Thursday, 30 December 2010

Shadoxhurst Little Egret, - a once rare visitor

A pair of Little Egrets has established themselves around the streams which serve the village this winter. They're easy to spot, as they often rest on the field verges, or are seen flying over the village. Many people (mostly our village dog walkers) must have seen them in recent weeks.

Despite the cold weather, frequent disturbance and the stream seemingly choked in weed, the birds have not abandoned the village. This is because the stream has never frozen-up and must hold sufficient numbers of Sticklebacks, (their favourite prey) to make the feeding territory worthwhile. I wonder if it also means that there are more Little Egrets around, and therefore scarcer feeding territories to to move to - (better to stay put than fight?).

Driving out of the village this morning, I spotted this bird 'walking' in the field behind the Scout hut. I pulled-up the car, and then, hidden behind the road-side hedge, I watched it quarrying insects out of patches of horse dung - (isn't that what Cattle Egrets are supposed to do?). The bird walked past me surprisingly close, enabling some close quarter pictures.

What's interesting about this Egret is that it appears to have acquired its summer plume feathers on its chest and back already for spring 2011. The bird will presumably depart in spring to one of the Kent Heronries to breed far away from Shadoxhurst.

I have wondered for some weeks now, how I'd get close enough to the birds to get a decent picture, but it came to be that luck would once again give me a helping hand! So despite a very damp and murky day, our village Little Egret has provided an elegant ornithological highlight to end the year.

Tuesday, 14 December 2010

Raven - first Shadoxhurst record

In the garden today, luck and perhaps harsh winter weather at home and on the continent have together, enabled me to have seen three scarce birds - (indeed one very rare). First, a Merlin. Whilst looking down the garden after Breakfast, a small falcon, seemingly no bigger than a Blackbird zipped across the garden. At a distance of just 30 feet from the patio-window, its sharp -pointed wings and sleek profile brought back memories of the Swallows that patrolled the same area during the summer.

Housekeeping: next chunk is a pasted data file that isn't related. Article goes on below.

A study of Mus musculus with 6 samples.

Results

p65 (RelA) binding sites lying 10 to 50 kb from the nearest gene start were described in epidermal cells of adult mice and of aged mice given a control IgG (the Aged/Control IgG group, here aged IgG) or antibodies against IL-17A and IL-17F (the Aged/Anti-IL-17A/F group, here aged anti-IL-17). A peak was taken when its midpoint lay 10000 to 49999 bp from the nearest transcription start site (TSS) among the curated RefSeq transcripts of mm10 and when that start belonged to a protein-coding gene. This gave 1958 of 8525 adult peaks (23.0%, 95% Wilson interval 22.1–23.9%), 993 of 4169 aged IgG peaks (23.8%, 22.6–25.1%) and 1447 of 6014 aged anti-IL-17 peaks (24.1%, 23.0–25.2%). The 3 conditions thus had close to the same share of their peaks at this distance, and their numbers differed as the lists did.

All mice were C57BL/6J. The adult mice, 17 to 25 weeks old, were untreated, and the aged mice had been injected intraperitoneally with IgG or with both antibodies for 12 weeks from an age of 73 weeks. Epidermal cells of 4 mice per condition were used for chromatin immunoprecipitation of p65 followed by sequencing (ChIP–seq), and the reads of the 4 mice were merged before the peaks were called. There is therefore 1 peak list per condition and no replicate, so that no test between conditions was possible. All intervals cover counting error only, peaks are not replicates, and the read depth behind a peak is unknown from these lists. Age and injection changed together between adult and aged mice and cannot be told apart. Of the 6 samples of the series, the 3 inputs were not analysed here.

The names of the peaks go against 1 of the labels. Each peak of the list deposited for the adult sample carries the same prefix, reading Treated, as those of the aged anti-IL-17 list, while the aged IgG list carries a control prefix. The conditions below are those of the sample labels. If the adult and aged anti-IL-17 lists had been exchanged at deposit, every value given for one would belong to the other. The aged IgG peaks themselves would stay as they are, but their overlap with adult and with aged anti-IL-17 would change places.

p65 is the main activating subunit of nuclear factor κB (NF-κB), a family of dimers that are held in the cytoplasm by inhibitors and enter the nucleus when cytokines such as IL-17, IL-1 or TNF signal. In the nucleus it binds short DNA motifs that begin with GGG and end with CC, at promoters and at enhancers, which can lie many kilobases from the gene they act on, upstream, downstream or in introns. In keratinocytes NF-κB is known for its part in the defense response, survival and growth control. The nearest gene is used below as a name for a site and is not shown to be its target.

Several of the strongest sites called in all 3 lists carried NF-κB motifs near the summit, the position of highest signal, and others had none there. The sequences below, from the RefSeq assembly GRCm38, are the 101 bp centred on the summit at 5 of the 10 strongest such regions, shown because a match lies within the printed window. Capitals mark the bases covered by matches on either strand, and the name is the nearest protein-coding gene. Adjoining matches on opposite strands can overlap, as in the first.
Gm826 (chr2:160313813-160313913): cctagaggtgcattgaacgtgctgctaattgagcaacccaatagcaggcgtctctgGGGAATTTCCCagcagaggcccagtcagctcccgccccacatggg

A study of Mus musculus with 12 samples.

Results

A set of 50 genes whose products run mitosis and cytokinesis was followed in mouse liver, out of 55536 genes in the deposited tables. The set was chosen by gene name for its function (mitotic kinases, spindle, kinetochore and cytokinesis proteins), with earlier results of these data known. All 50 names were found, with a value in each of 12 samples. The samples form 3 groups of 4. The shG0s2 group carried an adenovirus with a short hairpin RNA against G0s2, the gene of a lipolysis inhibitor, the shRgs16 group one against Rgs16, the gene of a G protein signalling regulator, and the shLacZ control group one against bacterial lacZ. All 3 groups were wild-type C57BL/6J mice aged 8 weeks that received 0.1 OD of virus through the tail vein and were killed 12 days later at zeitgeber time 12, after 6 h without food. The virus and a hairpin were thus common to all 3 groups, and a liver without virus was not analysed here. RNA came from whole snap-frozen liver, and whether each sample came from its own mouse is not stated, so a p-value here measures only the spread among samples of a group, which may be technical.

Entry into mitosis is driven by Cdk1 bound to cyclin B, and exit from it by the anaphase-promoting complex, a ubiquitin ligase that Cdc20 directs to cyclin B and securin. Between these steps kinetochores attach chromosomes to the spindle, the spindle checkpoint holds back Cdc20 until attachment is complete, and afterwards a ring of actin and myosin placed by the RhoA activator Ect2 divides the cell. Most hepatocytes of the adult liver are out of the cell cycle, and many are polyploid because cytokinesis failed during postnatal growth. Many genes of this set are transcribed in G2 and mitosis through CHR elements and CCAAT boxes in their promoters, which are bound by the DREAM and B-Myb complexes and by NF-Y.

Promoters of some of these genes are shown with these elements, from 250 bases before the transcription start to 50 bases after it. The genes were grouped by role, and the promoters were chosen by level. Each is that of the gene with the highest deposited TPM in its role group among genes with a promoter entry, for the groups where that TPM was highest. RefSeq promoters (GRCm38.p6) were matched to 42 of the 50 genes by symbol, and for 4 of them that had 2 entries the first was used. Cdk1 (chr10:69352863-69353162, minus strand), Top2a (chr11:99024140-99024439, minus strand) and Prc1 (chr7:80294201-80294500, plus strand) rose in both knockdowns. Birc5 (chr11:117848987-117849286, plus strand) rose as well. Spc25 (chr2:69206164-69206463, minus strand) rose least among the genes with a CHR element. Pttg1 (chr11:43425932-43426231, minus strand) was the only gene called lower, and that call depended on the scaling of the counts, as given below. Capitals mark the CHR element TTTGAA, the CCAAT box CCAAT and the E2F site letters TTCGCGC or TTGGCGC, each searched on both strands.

2nd scarce bird was a Little Egret, stood on a ditch edge, way in the distance from the garden, but still boldly white and prominent. I first saw this bird accompanied by another Little Egret on Sunday. Little Egrets have become a scarce but regular visitors to the Shadoxhurst area in winter.

So to the third and rarest sighting of the day, A Raven. After lunch I put more seed out for the Yellowhammers and Chaffinch flock that frequent the back of the garden. Walking back to the house, I noticed a single large and black crow or raptor, high in the sky flying south to North. Visually, I was looking at something no more than a blob, as I didn't have my binoculars to aid me. Its flight was lolloping but still purposefully heading north, similar to many raptors seen migrating through. For a milli-second, I wondered if it was a Buzzard but I managed to take just enough shots to convince myself that this was most definitely a Raven! Ravens bred near Dover for the first time in a century during the Summer. There is also a small group of birds that can be seen along the coast from Dunegeness to Fairlight, so there are just two small populations not known to wander, so an inland record at Shadoxhurst is very special indeed. My hunch is that this Raven is a migrant, displaced from the severe weather on the near-continent. It will be interesting to see if other Kent records appear this winter and beyond as Ravens are nationally increasing in number.